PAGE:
How Will You Show Up for This Moment?

Political Voices

After months of quarantine due to COVID-19 and weeks of protest against racialized oppression in this country, we received two wins from the Supreme Court of the United States that will be lifesaving for our communities.

Equality North Carolina: Our Road Map For 2020

Political Voices

It’s hard to overemphasize the importance of the elections this year taking place across our state. From the entire North Carolina General Assembly to the Governor’s Mansion to your local Board of Education, the number of races on this year’s ballot is nothing short of massive. Not to mention our congressional and presidential contests.

A New Era for Equality North Carolina

Political Voices

When I accepted the role of executive director in April of 2019, it was with an intentional desire to shape the future of this organization and enable LGBTQ folks from all walks of life to truly see themselves in the future of the movement for equal rights and protections.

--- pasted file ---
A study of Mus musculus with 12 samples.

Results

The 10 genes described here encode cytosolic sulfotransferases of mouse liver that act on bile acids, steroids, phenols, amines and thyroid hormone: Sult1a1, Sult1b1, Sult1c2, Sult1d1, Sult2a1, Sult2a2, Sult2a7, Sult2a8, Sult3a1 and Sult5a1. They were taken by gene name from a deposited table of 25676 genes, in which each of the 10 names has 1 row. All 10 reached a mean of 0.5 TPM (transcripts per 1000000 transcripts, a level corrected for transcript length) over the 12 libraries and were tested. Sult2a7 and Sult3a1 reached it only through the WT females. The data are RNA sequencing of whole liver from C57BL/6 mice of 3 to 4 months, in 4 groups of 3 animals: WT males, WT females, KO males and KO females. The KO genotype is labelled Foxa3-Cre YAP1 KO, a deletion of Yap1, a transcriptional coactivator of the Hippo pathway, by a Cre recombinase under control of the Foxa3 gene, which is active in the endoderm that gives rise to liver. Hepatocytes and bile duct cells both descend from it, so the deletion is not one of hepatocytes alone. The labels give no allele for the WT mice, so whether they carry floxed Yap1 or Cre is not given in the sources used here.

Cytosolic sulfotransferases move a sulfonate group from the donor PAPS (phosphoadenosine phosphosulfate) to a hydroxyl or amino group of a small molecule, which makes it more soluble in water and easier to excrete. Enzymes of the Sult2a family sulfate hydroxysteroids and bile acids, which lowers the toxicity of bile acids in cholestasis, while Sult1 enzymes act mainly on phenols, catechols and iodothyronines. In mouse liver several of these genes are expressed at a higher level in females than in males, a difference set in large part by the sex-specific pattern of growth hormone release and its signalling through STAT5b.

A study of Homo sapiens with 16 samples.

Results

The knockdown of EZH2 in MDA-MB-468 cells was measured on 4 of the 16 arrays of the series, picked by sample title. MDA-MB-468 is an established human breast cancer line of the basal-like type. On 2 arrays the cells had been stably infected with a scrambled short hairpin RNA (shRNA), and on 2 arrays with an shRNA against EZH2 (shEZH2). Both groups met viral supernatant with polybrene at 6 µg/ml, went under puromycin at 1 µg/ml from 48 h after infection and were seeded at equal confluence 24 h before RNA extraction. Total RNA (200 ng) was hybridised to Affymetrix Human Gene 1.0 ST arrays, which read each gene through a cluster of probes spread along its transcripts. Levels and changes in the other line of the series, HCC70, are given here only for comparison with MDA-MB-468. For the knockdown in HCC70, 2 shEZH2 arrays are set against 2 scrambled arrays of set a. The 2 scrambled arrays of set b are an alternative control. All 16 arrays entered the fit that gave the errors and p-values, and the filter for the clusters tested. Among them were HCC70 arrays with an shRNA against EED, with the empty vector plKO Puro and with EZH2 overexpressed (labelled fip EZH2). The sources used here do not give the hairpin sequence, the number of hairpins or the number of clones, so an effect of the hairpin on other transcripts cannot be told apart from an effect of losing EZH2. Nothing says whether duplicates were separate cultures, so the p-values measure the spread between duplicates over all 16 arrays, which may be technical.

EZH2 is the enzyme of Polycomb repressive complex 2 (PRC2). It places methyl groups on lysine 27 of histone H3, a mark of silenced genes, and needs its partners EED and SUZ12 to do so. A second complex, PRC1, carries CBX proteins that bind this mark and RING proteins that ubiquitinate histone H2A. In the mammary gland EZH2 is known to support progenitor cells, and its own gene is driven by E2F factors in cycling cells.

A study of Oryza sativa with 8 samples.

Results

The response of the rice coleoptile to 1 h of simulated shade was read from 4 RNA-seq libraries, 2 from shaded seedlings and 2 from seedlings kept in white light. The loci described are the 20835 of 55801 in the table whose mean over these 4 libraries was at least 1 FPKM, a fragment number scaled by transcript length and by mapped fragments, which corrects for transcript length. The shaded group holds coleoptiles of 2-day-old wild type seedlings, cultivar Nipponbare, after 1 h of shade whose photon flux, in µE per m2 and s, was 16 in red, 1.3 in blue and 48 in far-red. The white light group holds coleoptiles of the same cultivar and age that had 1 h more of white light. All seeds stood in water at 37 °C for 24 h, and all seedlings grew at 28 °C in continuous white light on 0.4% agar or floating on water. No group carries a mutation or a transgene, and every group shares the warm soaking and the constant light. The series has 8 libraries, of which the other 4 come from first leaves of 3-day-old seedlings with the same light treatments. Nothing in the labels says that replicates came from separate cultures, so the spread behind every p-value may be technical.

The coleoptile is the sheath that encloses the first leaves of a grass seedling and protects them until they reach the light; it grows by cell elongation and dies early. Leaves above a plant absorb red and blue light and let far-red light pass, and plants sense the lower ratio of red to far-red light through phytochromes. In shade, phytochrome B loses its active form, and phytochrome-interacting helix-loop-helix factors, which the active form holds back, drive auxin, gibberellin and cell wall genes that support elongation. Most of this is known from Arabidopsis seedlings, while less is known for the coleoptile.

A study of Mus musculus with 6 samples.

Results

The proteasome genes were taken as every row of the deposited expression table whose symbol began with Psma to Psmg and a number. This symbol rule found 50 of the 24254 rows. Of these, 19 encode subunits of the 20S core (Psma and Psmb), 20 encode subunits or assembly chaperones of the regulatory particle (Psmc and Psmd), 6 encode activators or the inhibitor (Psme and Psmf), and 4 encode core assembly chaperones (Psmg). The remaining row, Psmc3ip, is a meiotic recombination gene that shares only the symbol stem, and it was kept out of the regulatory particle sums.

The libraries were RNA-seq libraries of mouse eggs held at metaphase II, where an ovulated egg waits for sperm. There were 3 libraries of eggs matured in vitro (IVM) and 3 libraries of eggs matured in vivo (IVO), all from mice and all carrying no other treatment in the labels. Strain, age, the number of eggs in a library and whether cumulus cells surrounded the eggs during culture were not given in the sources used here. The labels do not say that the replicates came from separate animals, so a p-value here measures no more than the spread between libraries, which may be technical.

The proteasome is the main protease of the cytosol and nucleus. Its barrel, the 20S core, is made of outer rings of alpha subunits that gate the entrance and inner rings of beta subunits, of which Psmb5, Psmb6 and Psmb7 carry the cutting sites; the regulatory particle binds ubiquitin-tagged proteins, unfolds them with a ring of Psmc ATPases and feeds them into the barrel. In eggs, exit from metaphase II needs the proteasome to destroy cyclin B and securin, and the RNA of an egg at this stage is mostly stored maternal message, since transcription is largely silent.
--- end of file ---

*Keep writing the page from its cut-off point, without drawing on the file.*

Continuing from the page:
Finding Hope Amidst the Immigration Crisis

Spiritual Reflections

As people of faith, we believe all human beings are made in the image of God, and every person has sacred dignity and worth, regardless of their citizenship. We believe families belong together and children belong in communities; not in cages.

Bishop Tonyia M. Rawls

Talking About Liberating LGB/T People Through Theology

In Charlotte, Bishop Tonyia M. Rawls created the Freedom Center for Social Justice (FCSJ) 10 years ago to be a “culture-shifting organization committed to the growth, safety, and empowerment of marginalized populations.”

‘Status quo is not working.’ Can Charlotte Find Solutions for Affordable Housing Crisis?

The new Charlotte Journalism Collaborative will be covering this critical issue with a solutions journalism approach. Keep an eye out for these stories over the next few months.

Like most major American cities, Charlotte is suffering from a severe shortage of affordable housing. More than a third of households in Charlotte are “cost-burdened,” which means they spend more than 30 percent of their income on housing, according to a city report.